Last night I dreamed of some of the decisions I’ve made over my lifetime. They weren’t laid out like they actually happened.
Most dreams aren’t. They are a compilation of fiction and reality and mixed like a scattering of thoughts.
Sometimes we make decisions over time. And sometimes they are split second decisions.
Some decisions take us a while to come to.
When I found out I was pregnant with my oldest daughter, I was an underage teenager. I had no home. My boyfriend walked away. I could have the baby or an abortion. The odds that my life situation would be any different in six and a half months weren’t too great.
That night an older couple I’d met let me stay overnight. It was coming to winter’s end, but still cold outside.
I woke up at some point where I slept on their couch. In my dream I had gone through with the abortion. And my heart beat wildly because I realized I’d made the wrong decision.
Then it dawned on me that it hadn’t happened. It was just a dream. And it was then I knew that I couldn’t go through with an abortion. My mother had managed to lose six children that I knew of. And I was one of them. I wasn’t going to follow in her footsteps.
I walked to a job several miles away from a duplex I lived in. It was the height of summer and it was dreadfully hot.
There was word that a warrant was out for me. I was underage and in the eyes of the law, I was a runaway. I had left the woman who’d taken me in. So I contacted her and told her she could keep the social security checks I was getting due to my father being deceased.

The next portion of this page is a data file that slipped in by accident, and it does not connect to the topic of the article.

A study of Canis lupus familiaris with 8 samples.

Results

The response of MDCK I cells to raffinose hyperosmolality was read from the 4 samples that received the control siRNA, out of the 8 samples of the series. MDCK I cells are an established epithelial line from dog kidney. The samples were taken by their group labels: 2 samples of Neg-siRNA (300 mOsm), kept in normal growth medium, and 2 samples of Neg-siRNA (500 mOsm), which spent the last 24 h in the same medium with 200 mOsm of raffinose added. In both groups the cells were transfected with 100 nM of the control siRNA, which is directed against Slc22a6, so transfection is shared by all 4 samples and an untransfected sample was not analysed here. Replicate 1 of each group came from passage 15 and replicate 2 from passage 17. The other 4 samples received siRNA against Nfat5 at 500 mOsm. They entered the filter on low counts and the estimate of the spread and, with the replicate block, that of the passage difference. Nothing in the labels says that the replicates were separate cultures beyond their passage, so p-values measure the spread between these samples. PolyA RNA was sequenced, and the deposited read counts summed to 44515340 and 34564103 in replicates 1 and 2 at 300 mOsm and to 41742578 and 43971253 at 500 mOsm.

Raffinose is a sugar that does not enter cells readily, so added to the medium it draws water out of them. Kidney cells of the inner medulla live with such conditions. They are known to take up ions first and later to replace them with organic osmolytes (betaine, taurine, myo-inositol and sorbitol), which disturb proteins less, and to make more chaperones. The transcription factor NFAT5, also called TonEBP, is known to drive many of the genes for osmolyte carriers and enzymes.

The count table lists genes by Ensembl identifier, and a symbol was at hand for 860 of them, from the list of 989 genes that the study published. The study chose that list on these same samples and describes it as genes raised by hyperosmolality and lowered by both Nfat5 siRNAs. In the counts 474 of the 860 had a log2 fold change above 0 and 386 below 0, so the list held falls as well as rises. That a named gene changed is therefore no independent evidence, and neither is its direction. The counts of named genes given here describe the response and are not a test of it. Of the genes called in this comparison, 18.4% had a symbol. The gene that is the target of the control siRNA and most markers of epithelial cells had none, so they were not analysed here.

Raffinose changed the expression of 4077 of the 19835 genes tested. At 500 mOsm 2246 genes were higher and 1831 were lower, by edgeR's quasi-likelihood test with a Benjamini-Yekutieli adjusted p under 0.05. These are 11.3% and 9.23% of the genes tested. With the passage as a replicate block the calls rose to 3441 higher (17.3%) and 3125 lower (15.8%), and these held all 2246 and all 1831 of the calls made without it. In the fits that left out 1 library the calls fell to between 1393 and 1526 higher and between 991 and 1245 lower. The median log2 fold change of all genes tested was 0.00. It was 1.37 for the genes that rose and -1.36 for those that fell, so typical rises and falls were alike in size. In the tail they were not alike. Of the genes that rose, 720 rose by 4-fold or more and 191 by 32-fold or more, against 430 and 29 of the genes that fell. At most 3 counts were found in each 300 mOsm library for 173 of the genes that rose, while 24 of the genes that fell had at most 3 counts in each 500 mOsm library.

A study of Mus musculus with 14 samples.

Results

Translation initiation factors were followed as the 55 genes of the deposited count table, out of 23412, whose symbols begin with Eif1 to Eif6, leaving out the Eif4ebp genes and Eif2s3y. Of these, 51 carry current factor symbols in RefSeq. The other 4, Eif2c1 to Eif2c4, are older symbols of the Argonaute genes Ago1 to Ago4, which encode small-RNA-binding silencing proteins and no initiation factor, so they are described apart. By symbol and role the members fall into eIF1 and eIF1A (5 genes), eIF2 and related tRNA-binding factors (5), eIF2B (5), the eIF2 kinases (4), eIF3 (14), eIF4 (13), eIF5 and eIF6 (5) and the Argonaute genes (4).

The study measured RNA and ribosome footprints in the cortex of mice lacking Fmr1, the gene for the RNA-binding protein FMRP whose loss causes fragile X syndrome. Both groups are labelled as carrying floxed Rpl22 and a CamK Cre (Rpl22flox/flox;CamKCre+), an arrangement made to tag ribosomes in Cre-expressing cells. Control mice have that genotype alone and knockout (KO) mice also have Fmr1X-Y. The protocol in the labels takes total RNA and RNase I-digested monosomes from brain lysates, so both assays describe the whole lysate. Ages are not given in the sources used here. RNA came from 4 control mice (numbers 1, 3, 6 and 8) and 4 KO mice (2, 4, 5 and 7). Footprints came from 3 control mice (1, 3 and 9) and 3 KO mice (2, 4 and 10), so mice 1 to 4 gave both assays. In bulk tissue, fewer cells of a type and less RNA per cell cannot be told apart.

A deal was struck. I would not have to keep looking over my shoulder and now she had a good reason to keep her mouth shut.
Then not much later I blew up the gas stove while making toast before I left to walk to work. Luckily it just threw me against the opposite wall and I wasn’t really hurt beyond singed hair and eyebrows.
The paramedics were called. My secret was out.
So I had to quickly locate someone to foster me or go into the system. I found that couple, but that decision didn’t work out either. They were not who I thought they were. Just like the woman who kept her mouth shut about my whereabouts.
So here I am. That child is now 46 years old. I can’t imagine life without her.
She is most definitely one of the best decisions I ever made.
Now I will say to anyone who asks that I’m not against abortion. I believe it is a woman’s right to do what she decides is best with her own body.
Our beliefs generally come from our own life experience.
And my belief of this choice is based a great deal on what I know of my mother, and the truth is I’ve only met her two or three times. But I know she had half a dozen children and had no real way of taking care of them, mentally or physically.
Most of my siblings are messed up. I don’t know them really, but I know that they don’t have the ability to handle relationships. Because they don’t trust anyone. Whatever years they spent with my mother was very detrimental.
No one should have to see what they saw or heard or had to go through. Or eat out of trash cans. Or be adopted and then be abused by yet another person.
Once a child is born, there’s no way to know whether they will receive the care they need and deserve. And so many, like my siblings, seemed to fall through the cracks of the system that is in place.